When I wrote about many fine people at CAF doing wonderful work, you were the sort of person I was thinking of. However, nothing you have posted relates to the concerns raised in my review, and as I informed you in detail shortly after you posted this, you are wrong on most of your facts. It is difficult for me to just withdraw from the conversation while there is this level of misinformation posted at Guidestar.
In a nutshell, many people shared the vision of the San Francisco Chocolate Company providing permanent employment for our consumers and an ongoing source of revenue for our mission. One of the most enthusiastic was John Visbal, who was the point man for negotiations with its management and my most trusted advisor on it. I continued to trust in his integrity until I saw the documentary evidence that he had repeatedly lied to me and about me. At the time Visbal engineered my termination CAF was not financially 'broken', and your memory of 'family members donating millions of dollars' just demonstrates how far his stories diverged from the truth. Anyone interested in the truth is welcome to contact me on Facebook. I am writing about it.
Far from feeling ashamed, I am proud of my twenty-five year commitment to CAF, and can only hope that new leadership will restore its historic commitment to transparency and integrity.
@ Mr. Clay: Really? Is this your best recollection of the events that lead to your resignation form our organization? I have worked for CAF for 18 years and that is not quite how I remember things. Wasn't it you that lead us to the brink of bankruptcy because you lost focus of the mission and decided to "dump" every last penny into the chocolate factory? I remember family members donating millions of dollars and although we were financially unstable, in collections for unpaid accounts and obtaining a line of credit to make payroll you decided to continue to fund your PERSONAL mission of owing a chocolate company. We were left completely BROKEN by you. Thank GOD for the current CEO and the numerous hours that he VOLUNTEERED because we couldn't afford to pay him. It is because of him that we are still in operation today and able to support the many folks with developmental disabilities as we do. You should be ashamed of yourself. If you choose to comment in the future please make sure that you give accurate facts and not your delusional opinion. GOD Bless and move on!!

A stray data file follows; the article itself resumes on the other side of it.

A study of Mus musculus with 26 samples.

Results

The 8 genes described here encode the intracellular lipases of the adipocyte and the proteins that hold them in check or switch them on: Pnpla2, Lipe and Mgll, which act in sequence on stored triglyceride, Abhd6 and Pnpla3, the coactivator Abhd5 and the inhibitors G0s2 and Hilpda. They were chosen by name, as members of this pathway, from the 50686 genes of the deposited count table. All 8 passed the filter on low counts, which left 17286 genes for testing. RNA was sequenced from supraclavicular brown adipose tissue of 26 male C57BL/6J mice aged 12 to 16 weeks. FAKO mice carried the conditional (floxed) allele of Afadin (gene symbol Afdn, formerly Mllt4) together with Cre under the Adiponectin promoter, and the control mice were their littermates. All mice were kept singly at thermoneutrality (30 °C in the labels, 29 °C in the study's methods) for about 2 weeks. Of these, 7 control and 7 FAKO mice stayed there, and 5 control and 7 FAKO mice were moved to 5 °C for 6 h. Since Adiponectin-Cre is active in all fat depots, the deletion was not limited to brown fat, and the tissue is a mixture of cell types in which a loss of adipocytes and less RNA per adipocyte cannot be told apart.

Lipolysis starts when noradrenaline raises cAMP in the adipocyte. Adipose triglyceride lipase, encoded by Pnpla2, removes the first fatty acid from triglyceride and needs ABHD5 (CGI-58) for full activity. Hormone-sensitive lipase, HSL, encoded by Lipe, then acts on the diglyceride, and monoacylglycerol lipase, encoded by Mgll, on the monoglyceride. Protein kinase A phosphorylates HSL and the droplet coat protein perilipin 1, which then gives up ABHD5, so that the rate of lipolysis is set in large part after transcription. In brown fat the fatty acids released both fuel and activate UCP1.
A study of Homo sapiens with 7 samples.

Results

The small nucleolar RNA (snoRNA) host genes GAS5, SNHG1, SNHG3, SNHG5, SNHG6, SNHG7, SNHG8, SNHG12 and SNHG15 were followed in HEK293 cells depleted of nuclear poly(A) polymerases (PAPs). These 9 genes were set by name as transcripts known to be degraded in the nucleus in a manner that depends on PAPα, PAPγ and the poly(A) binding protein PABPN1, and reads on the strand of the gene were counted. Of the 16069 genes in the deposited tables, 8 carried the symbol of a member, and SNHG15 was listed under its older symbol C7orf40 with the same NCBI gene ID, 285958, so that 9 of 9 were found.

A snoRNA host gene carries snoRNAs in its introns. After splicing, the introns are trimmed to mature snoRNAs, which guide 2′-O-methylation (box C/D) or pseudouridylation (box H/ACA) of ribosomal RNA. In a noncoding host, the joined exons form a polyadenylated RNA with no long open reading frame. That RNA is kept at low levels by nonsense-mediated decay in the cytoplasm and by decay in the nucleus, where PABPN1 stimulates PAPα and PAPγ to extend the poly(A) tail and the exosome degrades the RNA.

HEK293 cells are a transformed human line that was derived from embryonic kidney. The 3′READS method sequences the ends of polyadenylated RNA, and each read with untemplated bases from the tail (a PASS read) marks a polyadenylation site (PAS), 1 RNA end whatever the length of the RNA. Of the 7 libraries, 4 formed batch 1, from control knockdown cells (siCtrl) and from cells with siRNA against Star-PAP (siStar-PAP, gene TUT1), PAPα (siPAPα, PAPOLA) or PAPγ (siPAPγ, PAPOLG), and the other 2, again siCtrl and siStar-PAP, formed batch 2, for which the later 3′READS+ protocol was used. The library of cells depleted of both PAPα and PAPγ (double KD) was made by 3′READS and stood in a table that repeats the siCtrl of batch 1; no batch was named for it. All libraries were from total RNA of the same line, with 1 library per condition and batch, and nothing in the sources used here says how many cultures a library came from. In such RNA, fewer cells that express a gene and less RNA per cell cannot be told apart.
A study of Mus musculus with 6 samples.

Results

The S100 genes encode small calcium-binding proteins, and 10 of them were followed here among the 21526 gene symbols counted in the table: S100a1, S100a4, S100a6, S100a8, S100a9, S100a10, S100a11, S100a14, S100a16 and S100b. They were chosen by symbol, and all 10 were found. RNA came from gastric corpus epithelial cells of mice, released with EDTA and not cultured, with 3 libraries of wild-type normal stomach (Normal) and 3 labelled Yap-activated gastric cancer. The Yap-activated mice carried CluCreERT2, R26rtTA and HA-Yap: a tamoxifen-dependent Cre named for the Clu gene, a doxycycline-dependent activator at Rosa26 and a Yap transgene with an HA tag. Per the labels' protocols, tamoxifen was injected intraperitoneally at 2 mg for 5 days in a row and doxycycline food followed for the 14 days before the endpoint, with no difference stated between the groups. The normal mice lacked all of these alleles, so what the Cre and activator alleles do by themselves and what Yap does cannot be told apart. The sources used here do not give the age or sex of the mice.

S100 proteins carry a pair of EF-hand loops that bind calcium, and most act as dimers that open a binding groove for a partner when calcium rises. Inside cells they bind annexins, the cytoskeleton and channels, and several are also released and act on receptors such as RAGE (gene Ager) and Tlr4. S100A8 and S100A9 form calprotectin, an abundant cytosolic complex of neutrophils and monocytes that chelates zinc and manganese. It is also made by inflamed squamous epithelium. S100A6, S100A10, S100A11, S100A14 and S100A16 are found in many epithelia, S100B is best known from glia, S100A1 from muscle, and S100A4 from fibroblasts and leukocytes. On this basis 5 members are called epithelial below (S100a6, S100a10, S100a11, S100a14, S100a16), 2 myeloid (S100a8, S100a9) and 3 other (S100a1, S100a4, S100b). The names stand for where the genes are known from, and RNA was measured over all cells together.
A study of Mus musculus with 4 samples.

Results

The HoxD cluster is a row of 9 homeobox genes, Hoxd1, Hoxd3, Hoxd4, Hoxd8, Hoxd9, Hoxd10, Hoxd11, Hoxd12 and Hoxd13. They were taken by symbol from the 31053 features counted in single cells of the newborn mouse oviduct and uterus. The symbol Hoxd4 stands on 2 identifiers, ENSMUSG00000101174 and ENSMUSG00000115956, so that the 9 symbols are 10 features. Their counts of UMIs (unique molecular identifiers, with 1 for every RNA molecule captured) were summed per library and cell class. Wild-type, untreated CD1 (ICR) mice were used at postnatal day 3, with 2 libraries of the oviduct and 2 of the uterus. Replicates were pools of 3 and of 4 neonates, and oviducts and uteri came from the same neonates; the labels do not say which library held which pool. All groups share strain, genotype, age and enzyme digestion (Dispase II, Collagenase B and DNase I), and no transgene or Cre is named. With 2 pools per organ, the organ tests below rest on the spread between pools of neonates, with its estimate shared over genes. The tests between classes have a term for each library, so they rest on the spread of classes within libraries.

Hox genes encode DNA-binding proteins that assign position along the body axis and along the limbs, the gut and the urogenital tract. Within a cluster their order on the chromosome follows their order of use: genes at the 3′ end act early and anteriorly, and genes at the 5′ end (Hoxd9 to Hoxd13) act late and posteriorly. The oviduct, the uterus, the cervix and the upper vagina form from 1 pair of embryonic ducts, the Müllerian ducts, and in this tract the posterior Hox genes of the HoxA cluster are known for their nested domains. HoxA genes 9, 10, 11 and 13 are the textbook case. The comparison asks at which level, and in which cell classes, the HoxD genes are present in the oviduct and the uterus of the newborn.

I've been conflicted about posting this, because I know there are many fine people in the California Autism Foundation, doing wonderful work. However, in the interest of transparency, I have three concerns with its current direction and leadership.
In order of ascending importance:
1. I personally lent the organization $250k, and when the present management took over, it took four years of very expensive litigation to get any of it back. Their attitude was “Let him pound sand.” Aside from the lousy ethics of this, it not a sustainable business practice in the long run.
2. They have shrunk their residential care mission from eight homes down to the three homes which happen to serve offspring of board members. The I.R.S. 990's posted on Guidestar indicate that revenues shrunk from $10.9m in 2007 to $6.3m in 2010. Despite this, the CEO took a 33% raise, to $175k, while he continued to manage his primary business, East Bay Logistics. (eastbaylogistics.com) Although adequate salaries are important to the retention of talented leadership, when services are being cut and the direct care workers barely make a living wage, I personally consider this excessive.
3. Apparently in their stated effort to become an “elite autism agency”, they have abandoned the California Autism Foundation's original mission of serving even the most challenging consumers, and making a commitment to their lifetime care.
With all that said, one wouldn't want to disparage the entire organization, where most of staff and board are no doubt honest, hardworking, and dedicated to the needs of the consumers.